Things start on a high note. Your tweets are compelling, show character and draw people into your feed. But, before long, someone on your social media team wanders off-brand. The horror is upon us all.
You publicly express your humble apologies, but the damage is done. Former loyal audience members click Unfollow while your account lies in a pool of RTs and screen captures.
One way to prevent these nightmares? Make the bones of your brand easy to find instead of chained up somewhere deep in the marketing basement. Go digital with online brand guidelines so the very latest rules for brand style and copy are just a simple click away and top of mind. That should help divert eager social media opportunists from going off the rails.
Here are four frightening examples of Twitter faux pas that could have been prevented by a better grip on brand guidelines.
Federal Student Aid Wiigs out.
The U.S. office of Federal Student Aid gets students the financial help they need to pay their college or career school admission. It’s all about helping people reach their potential, but this mean spirited tweet – adapted from a scene in Bridesmaids – puts down the people FSA is here to help.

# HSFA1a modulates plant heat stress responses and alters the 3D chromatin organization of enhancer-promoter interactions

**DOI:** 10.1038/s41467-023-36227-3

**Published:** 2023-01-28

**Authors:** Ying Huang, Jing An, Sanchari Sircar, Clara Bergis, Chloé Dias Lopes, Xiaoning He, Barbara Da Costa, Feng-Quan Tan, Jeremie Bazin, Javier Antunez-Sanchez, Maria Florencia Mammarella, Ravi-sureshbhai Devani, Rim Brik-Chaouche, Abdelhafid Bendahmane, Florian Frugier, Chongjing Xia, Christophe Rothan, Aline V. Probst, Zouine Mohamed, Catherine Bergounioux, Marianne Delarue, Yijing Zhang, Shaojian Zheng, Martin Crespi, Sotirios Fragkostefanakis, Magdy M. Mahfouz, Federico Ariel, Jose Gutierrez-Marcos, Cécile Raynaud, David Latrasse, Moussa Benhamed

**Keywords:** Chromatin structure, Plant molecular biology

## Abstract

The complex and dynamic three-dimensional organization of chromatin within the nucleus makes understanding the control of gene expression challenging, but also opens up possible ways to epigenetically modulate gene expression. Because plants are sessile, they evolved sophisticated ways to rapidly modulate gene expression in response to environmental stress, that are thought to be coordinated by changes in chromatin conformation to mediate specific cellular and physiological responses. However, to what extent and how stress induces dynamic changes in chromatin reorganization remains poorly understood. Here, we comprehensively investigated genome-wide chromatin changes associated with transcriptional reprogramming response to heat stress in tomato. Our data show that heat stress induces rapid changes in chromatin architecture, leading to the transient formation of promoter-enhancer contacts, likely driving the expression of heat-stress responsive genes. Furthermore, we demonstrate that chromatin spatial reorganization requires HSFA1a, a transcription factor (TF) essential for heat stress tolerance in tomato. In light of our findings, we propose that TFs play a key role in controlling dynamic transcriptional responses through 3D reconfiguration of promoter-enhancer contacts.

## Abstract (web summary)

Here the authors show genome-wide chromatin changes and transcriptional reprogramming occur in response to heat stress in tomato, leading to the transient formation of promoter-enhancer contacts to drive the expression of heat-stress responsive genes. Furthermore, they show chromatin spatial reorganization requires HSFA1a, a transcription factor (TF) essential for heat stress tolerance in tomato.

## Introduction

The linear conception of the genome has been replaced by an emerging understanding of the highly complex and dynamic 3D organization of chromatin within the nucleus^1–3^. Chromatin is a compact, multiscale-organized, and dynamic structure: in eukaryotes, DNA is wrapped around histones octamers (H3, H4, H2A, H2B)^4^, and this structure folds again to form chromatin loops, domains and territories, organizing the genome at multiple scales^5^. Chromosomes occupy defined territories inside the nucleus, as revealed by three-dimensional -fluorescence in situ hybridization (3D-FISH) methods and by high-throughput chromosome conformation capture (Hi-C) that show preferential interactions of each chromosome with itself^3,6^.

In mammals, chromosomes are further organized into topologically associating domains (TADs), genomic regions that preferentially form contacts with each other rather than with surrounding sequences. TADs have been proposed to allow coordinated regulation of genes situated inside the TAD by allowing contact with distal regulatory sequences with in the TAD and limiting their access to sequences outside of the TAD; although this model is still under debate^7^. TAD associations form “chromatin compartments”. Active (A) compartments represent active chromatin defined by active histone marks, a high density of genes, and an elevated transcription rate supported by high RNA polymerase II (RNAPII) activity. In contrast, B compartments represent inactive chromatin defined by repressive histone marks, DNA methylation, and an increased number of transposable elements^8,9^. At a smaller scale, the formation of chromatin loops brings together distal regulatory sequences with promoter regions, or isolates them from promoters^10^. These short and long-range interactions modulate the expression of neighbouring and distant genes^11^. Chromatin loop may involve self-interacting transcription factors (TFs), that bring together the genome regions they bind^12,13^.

The tweet, along with all the offending tweets below, was deleted.
Kenneth Cole appropriates unrest.
Near the height of the Egyptian revolution of 2011, the Kenneth Cole Twitter account jokingly suggested that the “uproar” – violence in the streets, government upheaval and families unable to access money in their bank accounts – was due to the fashion house’s release of its spring collection. It wasn’t. For a fashion brand known for its social justice, this clearly didn’t represent the brand ethos.
Chrysler curses city of Detroit.
It’s not clear whether the agency controlling Chrysler’s Twitter account sent the tweet on purpose or meant to use their personal account. What is clear is that Chrysler didn’t support the tweet or the person that wrote it. They are proud of their heritage and are known for doing a great job of celebrating it with their “Imported from Detroit” ad with John Varvatos and Iggy Pop.
IHOP overcooks the joke.
The company responsible for the now-infamous “Pancakes on fleek” tweet crossed over from merry to misogyny. If there wasn’t something in their brand guidelines about respecting women, it’s a good bet there is now.